NARB Recommends Comcast Discontinue ‘Fastest Internet,’ ‘Fastest … In-Home Wi-Fi’ Claims
New York, NY – Feb. 8 , 2016 – A panel of the National Advertising Review Board (NARB) has recommended that Comcast Communications, Inc., discontinue certain claims for the company’s XFINITY service, including claims that XFINITY “delivers the fastest internet in America,” and the “fastest in-home WiFi.”
The NARB is the appellate unit of the advertising industry’s system of self-regulation. It is administered by the Council of Better Business Bureaus.
Advertising claims made by Comcast were initially challenged by Verizon Communications, Inc., a competing provider of telecommunication services, before the National Advertising Division (NAD), an investigative unit of the advertising industry’s system of self-regulation.
NAD reviewed claims that included:
- “XFINITY from Comcast delivers America’s fastest Internet according to 60 million consumer tests run at Speedtest.net.”
- “Faster than the competition. FiOS just can’t keep up.”
- “XFINITY Internet delivers the fastest in-home WiFi …”
Following its review, NAD recommended Comcast discontinue claims that included “America’s fastest internet,” and, in certain contexts, the claim “fastest in-home WiFi.”
The NARB panel noted in its decision that Comcast and Verizon offer consumers different tiers of service based on the maximum internet download and upload speeds provided and that pricing for each tier of service generally increases as the maximum internet download or upload speeds increase.
The panel found that claims an ISP offers the fastest internet, without clearly communicating what “fastest” means, can be subject to a number of reasonable interpretations by consumers. The panel determined that one of the messages reasonably conveyed by the challenged “America’s fastest internet” claims is that XFINITY had overall internet speed superiority in all tiers of service that it provides. The panel further determined that the challenged advertisements reasonably conveyed a message that XFINITY delivers the fastest download and upload speeds.
Comcast’s “America’s fastest internet” claims were based on crowdsourced data from Ookla for the period January 1, 2015 through June 30, 2015. This data was derived from Ookla’s free website (Speedtest.net) where consumers can test their internet download and upload speeds.
The Ookla data identified the top 10 percent download speeds for each ISP based on 60 million tests by consumers who visited the Speedtest.net website during the first half of 2015. Ookla found that the top 10 percent of XFINITY consumers had download speeds of at least 104.56 Mbps, and the top 10 percent of Verizon FiOS consumers had download speeds of at least 83.39 Mbps. Based on these findings, Ookla determined that XFINITY was “America’s Fastest Internet.” Ookla data also showed that the top 10 percent of Verizon FiOS consumers had higher upload speeds than the top 10 percent of XFINITY consumers.
The panel noted that while it did not question the accuracy of Ookla’s data, it agreed with NAD that the Ookla data was not a good fit for an overall claim that an ISP delivers “America’s fastest internet.”
Rather, the panel said, Ookla’s data showed only that XFINITY consumers who took advantage of the free tests offered on the Speedtest.net website subscribed to tiers of service with higher download speeds than Verizon FiOS consumers who took advantage of the tests.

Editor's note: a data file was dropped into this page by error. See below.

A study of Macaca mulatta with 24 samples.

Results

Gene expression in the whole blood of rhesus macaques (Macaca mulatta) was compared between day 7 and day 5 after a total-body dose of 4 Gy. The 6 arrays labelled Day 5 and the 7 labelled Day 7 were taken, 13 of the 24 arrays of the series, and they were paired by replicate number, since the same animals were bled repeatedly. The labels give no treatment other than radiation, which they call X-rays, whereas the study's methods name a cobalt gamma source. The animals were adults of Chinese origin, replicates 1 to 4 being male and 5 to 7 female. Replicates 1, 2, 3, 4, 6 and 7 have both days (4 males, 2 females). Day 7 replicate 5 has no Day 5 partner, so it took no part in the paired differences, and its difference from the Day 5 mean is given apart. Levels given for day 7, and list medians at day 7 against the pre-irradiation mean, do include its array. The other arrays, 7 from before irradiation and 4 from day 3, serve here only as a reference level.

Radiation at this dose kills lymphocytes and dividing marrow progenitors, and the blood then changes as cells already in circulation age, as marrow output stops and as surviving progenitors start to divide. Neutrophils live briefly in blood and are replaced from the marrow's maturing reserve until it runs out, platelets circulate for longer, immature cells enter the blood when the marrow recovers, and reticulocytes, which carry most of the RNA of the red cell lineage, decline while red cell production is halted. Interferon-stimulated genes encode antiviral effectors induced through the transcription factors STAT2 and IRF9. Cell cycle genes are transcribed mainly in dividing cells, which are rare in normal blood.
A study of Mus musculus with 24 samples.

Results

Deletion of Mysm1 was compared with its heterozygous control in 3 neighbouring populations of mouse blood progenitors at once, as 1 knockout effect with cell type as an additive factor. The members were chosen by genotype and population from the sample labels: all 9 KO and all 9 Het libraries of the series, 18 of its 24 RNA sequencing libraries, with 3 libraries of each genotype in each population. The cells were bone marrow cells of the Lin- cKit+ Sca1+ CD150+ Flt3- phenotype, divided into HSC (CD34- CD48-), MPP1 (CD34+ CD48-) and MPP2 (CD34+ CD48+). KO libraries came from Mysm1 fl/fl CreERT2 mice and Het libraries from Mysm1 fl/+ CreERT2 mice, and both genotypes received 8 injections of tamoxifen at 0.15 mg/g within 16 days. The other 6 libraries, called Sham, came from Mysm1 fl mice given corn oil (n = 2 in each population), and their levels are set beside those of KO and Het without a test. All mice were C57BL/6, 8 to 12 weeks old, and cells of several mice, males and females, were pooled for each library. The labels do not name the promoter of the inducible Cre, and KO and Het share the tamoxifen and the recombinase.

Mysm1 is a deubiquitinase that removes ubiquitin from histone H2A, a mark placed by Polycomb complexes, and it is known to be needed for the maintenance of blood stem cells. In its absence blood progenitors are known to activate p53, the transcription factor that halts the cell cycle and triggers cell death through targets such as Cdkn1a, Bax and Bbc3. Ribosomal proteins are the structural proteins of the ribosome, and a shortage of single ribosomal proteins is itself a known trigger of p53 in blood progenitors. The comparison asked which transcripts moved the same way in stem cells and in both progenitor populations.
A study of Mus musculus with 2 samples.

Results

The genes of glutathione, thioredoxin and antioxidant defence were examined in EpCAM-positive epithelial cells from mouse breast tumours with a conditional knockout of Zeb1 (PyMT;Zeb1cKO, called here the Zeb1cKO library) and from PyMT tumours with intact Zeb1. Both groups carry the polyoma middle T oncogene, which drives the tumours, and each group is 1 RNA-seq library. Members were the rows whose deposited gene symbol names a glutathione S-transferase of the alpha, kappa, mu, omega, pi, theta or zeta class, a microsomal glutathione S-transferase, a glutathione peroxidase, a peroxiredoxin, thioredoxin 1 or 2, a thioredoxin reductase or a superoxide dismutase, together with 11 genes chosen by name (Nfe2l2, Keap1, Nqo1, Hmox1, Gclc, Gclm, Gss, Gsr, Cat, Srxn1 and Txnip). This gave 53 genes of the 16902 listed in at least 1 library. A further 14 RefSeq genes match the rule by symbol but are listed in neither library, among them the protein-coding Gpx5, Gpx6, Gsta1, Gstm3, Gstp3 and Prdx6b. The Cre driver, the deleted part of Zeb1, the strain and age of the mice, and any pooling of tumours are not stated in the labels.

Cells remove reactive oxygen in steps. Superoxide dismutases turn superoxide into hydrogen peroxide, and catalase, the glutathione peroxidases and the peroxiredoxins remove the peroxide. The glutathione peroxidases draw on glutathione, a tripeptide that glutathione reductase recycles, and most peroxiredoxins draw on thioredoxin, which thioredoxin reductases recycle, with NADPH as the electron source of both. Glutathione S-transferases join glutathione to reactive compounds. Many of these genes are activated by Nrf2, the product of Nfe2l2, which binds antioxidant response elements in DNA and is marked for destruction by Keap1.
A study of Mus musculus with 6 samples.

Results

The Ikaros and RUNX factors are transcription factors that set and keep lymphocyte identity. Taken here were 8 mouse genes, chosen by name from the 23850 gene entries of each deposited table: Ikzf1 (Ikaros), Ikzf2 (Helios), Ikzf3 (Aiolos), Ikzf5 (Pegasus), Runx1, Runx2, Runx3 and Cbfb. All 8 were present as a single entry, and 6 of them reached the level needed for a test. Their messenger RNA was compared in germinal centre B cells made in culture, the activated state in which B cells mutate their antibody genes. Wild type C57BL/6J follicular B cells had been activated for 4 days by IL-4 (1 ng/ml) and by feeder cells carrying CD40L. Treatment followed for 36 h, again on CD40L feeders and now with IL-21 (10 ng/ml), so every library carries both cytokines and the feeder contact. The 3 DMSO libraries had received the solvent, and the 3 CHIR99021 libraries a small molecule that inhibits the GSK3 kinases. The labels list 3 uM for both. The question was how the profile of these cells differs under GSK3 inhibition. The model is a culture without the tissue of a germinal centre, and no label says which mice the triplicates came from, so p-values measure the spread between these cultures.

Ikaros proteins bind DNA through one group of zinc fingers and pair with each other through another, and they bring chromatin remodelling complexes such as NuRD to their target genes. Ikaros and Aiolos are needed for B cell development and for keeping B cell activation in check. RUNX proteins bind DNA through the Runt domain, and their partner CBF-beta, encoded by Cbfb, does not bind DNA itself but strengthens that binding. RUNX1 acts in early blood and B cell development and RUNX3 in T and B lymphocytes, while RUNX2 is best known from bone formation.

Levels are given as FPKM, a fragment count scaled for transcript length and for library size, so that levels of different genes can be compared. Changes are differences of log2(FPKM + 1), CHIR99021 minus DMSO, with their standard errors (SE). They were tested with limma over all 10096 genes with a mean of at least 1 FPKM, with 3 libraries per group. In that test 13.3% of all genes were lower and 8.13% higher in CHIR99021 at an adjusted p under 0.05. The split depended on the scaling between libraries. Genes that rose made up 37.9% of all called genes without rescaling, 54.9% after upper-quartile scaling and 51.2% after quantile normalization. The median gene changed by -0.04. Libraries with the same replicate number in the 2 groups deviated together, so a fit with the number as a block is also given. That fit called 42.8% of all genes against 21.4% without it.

The evidence in the record did not demonstrate that the consumers constituted a representative sample of XFINITY or Verizon FiOS subscribers, and Ookla’s data did not provide any indication as to which ISP more consistently delivers the highest promised download speeds in any speed tier. Overall, the panel found that the Ookla data did not provide a reasonable basis for the internet speed superiority claims made in the challenged Comcast advertisements. The panel recommended that Comcast discontinue the challenged “America’s fastest internet” claims.
The panel noted that its decision “does not preclude Comcast from accurately advertising the results of Ookla crowdsourced data as long as Comcast (a) clearly communicates what the data represents, (b) avoids any statement or implication that the data demonstrates that XFINITY provides faster internet speeds than competing ISPs, and (c) appropriately distinguishes between download and upload speed.”
Turning to the challenged “fastest in-home WiFi” claims, the panel determined that the claims reasonably conveyed a message that XFINITY offers the fastest available wireless access to the internet, although the claims were based on tests that only established faster router performance. The panel noted that because access to the internet is primarily dictated by speed of the ISP’s internet connection and dependent in large part on the internet speed tier purchased by the consumer, faster router performance doesn’t necessarily mean faster wireless access to the internet. The panel found that Comcast did not provide a reasonable basis for the messages reasonably conveyed by the challenged “fastest in-home WiFI” claims and recommended Comcast discontinue the claims.
Comcast, in its advertiser’s statement, said while it disagreed with certain of panel’s findings, it agreed to comply with NARB’s decision.
“Comcast will take NARB’s recommendations into account in developing future advertisements, and expects NAD and NARB will hold all advertisers to the same standards when making similar claims,” the company said.